We, as faculty of the Department of Educational Science at the University of Freiburg and members of the competence network KeBU Freiburg, seek to generate scientific knowledge that can be used to facilitate learning and teaching in complex domains. We apply quantitative methods, primarily within experimental designs, to investigate cognitive and metacognitive prerequisites for learning, cognitive and metacognitive processes occurring as learners write, read, and solve problems individually, and the effectiveness of problem-solving tasks, instructional texts and human one-on-one tutoring. We investigate learning at the high-school and college levels, as well as professional development of high-school teachers and university faculty.

Our research focusses on four principal areas:

Self-regulated learning and learning by writing

We are interested in how learners' self-regulation of metacognitive and motivational processes changes over multiple learning episodes, and how choices of learning strategies and trajectories of self-regulated learning relate to learning outcomes. Furthermore, we investigate the effects of writing learning journals on self-regulated learning, and deep-level comprehension of complex learning materials.

Funded projects: SMMS

Learners' and teachers' complex reasoning and argumentation skills

We aim to identify levels of complex reasoning and argumentation skills, and trace their development across years of education at the secondary and tertiary levels. Our research on critical reasoning and epistemological beliefs involves high-school students and teachers. With college students, we focus on scientific writing. Our research on professional development of university faculty focusses on reflection and problem solving when facing complex instructional choices.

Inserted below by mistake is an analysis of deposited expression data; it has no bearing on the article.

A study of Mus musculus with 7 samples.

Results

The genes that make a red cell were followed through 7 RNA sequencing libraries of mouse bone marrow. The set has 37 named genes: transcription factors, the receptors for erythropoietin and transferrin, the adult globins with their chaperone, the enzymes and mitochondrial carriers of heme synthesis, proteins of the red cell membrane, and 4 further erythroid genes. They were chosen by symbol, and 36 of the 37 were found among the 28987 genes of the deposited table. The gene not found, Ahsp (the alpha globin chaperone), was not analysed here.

Funded projects: Lesced, ProfiLe, SoScie

Processing and communicating scientific knowledge

In this dual-strand area of research, we investigate how students process scholarly scientific literature, and how text-based interventions can be designed to facilitate learners' epistemological understanding of science. We are also interested in how novices differ from experts in domain-specific knowledge, and how structural aspects of experts' knowledge impact on effectiveness of written explanations directed at novices.

Funded projects: STeSE

Teachers' assessment skills

We are interested in pre-service and in-service teachers’ assessment skills that are required for effective classroom teaching. We investigate teachers' skills in anticipating learners' prior knowledge and in designing problem-solving tasks that meet students’ needs. Furthermore, we investigate teachers' skills in evaluating and reacting to students' learning processes and outcomes in tutoring settings.

Funded projects: FESMath, ProMatNat

If you would like to know more about our research interests we invite you to explore the individual faculty and staff pages or contact us directly.